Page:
QinetiQ GRC have completed the initial sizing model of the Subhub and Turbine Module using their Paramarine software. It has concluded that both the Subhub main hull and Turbine Module would pass IMO and MCA stability standards. These results surpass all expectations at this stage of the development and provides a high level of confidence in forging ahead with the feasibility study. The next stage will review the dynamics and motion characteristics of the Subhub and Turbine Module which will explore the safe operating limits of these large marine structures to realistic environmental loads.
Below is the initial stability for the Subhub in its deployment role which includes the Turbine Module. It has a massive initial stability and peaks at approximately 15 degrees and remains positively stable until 80 degree heel angle.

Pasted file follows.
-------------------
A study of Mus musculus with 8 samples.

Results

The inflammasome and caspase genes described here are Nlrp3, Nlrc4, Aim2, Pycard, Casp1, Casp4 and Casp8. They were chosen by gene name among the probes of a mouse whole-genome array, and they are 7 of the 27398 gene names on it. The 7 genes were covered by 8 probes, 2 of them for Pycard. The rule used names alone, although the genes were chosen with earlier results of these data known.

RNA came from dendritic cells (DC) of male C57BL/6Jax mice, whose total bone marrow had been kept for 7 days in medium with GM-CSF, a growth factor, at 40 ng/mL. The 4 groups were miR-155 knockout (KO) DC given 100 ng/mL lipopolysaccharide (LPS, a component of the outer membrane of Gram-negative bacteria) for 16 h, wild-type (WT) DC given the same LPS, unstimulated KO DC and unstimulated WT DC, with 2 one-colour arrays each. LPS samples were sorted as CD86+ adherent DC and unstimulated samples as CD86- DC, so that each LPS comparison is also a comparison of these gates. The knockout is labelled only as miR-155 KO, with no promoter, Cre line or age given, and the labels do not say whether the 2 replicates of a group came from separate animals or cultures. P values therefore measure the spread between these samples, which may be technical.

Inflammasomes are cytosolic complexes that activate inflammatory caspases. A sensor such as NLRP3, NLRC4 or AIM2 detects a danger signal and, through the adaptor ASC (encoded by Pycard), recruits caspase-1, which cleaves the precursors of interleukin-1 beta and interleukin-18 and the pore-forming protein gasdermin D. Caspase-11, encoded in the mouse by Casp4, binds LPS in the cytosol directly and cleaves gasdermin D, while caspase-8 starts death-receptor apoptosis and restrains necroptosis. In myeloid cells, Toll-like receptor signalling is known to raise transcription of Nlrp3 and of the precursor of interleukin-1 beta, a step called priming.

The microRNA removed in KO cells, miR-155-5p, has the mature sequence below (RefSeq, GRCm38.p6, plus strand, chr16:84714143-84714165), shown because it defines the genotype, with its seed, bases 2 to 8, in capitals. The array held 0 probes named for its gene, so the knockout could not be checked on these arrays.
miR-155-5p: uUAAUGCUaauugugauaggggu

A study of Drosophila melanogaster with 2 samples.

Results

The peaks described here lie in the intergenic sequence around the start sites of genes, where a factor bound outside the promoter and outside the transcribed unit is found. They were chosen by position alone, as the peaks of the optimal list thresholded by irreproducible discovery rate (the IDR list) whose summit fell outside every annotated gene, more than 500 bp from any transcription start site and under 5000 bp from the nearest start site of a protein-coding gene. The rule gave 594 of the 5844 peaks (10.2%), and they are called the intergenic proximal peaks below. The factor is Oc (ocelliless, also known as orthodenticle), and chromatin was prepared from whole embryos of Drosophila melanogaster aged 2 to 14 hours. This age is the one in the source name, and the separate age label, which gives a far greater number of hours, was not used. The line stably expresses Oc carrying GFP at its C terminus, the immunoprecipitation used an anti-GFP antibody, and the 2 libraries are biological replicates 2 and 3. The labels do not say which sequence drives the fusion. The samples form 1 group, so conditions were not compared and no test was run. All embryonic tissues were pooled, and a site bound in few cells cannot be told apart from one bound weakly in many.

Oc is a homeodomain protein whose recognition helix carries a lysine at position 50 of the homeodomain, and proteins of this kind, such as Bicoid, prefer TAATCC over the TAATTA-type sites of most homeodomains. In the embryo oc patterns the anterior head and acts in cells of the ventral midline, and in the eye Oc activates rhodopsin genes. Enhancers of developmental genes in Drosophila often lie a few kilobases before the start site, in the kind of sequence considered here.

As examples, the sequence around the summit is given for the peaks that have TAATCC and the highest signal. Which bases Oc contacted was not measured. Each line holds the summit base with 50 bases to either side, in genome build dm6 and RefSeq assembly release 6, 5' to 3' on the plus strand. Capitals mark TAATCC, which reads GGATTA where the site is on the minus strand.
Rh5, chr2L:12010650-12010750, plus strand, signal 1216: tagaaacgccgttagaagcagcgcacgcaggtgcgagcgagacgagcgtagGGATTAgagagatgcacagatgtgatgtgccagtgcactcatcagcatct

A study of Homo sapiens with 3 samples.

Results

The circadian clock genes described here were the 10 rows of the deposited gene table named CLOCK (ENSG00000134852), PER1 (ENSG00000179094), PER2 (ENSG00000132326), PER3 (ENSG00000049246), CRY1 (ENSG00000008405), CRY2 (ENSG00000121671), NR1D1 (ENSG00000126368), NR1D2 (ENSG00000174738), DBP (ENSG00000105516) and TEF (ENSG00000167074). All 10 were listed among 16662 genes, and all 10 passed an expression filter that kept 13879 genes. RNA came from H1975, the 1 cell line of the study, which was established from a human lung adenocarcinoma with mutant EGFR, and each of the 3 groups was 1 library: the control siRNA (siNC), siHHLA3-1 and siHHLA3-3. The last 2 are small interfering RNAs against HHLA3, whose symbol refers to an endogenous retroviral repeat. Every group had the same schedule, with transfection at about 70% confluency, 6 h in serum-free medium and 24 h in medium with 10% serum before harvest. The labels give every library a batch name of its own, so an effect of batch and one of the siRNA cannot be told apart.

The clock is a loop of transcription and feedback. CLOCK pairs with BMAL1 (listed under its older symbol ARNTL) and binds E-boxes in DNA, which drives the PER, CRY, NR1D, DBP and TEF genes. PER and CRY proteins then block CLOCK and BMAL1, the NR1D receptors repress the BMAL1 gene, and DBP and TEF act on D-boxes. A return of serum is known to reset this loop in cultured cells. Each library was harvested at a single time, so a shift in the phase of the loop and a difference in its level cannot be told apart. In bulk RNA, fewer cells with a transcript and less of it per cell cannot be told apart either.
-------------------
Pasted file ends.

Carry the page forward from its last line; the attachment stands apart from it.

To provide some feeling of how stable this platform is, below, is a picture of the GZ curve including heel angles that have been imposed from 100 knot gusts. It uses a tiny fraction of its 8.0 m GZ righting arm at just over 0.1 metre. This also suggests that it performs equally well on the seabed under turbulent tidal stream conditions.
Pictured below is the Turbin Module floating on both the light ship and with the main hull section flooded. This is the condition used for the maintenance and swop over of modules and are the waterlines used to tow it back to port.
The picture below shows the Turbine Module after it has been disconnected from the Subhub platform which remains firmly anchored to the seabed with over 1000 tons of ballast holding it in position.
Below is the initial stability assessment of the Turbine Module with all the tanks full and shows that it is very stable at the surface in this condition and capable of supporting more intrusive operations on the turbines generator or electrical conditioning equipment or towed back to port.